A couple of my recent posts generated some controversy about the status of legal blogging. Now, two legal bloggers share some data and comments. 

In Why Are Blogs Undervalued? at Drug and Device Law blog, lawyer-bloggers Jim Beck of Dechert and Mark Herrmann of Jones Day assess BigLaw views of blogs. Note that their very substantive blog is not firm-branded.

The entire post is worth reading (plus the comments) for anyone interested in blawging. They write:

“The two of us, toiling alone, with no financial help or other assistance from our firms, have (to our complete surprise) almost accidentally created the most widely read product liability blog on the internet, now receiving more than 25,000 page views per month. In that situation, wouldn’t you expect at least a few of your colleagues to wander down the hall and ask two questions: (1) How did you do it? and (2) How can we replicate it?”

The elephant in the room of BigLaw that no one likes to discuss explicitly is that much non-billable activity is about “lead generation.” Call me crass, call me a destroyer of lawyer professionalism, but even decades ago, one reason lawyers wrote monographs and articles was to establish their reputation and, in so doing, generate new clients (aka leads). The array of law firm marketing activity today – seminars, webinars, e-mail updates, branding, parties, etc. – are all fundamentally designed to generate leads even if they are discussed in terms of creating awareness and establishing credibility.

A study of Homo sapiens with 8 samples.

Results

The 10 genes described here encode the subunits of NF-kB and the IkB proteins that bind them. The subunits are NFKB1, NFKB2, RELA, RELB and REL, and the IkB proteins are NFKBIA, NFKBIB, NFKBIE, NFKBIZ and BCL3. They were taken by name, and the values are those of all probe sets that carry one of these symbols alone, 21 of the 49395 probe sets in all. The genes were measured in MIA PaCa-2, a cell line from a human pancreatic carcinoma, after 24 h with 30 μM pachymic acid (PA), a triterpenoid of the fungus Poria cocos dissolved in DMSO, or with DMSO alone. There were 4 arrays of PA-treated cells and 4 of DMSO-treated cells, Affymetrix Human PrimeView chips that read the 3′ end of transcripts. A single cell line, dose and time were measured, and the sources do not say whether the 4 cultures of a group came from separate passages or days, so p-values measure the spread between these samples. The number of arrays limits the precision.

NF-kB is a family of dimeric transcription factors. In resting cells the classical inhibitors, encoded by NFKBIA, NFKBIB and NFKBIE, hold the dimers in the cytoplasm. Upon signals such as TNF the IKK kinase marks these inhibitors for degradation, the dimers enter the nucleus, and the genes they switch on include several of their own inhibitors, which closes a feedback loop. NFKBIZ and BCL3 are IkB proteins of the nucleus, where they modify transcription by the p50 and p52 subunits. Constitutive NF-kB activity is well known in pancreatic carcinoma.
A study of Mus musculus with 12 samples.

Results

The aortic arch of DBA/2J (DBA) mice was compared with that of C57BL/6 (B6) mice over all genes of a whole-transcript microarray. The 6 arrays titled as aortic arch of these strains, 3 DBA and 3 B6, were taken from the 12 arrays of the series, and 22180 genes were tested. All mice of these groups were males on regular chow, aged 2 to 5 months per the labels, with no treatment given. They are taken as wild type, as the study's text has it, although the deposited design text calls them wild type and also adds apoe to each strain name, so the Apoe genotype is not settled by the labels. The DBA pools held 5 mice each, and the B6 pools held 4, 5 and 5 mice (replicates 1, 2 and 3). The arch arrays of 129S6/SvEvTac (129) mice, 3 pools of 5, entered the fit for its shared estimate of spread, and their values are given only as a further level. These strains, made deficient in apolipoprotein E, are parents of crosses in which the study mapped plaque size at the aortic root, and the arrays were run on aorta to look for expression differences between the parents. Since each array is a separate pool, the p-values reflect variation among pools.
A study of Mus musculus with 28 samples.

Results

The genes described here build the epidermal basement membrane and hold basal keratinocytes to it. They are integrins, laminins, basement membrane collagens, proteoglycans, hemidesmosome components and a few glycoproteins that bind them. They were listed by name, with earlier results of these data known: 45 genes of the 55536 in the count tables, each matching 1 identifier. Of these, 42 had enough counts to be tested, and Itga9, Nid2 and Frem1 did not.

So for a blog to generate 25k page views/month seems pretty good to me, maybe even stellar. As a marketing guy myself, I would want to know the number of clients generated and the cost of doing so by this medium (blogging) versus the alternative methods. And then there is the intangible value of Hermann being quoted in the New York Times in Medical Device Ruling Redraws Lines on Lawsuits (22 Feb 08):

“Mr. Herrmann, who writes a blog about these issues (druganddevicelaw.blogspot.com), said Thursday that the decision put the onus on medical device companies and the F.D.A. to prove they can protect patients without the threat of product-injury lawsuits.”

Beck and Herrmann and the comments discuss several reasons Big Law may not support blogging. Left undiscussed is the potential tension between individual and institutional interests. Given the ease of lateral movement among law firms, lawyer-bloggers may well prefer an individually branded blog over an institutionally branded one. That way, in the event of lateraling, there is no question of who owns the content. If I were in Big Law firm manager, I would want to find a way to institutionalize and brand the effort of my lawyers.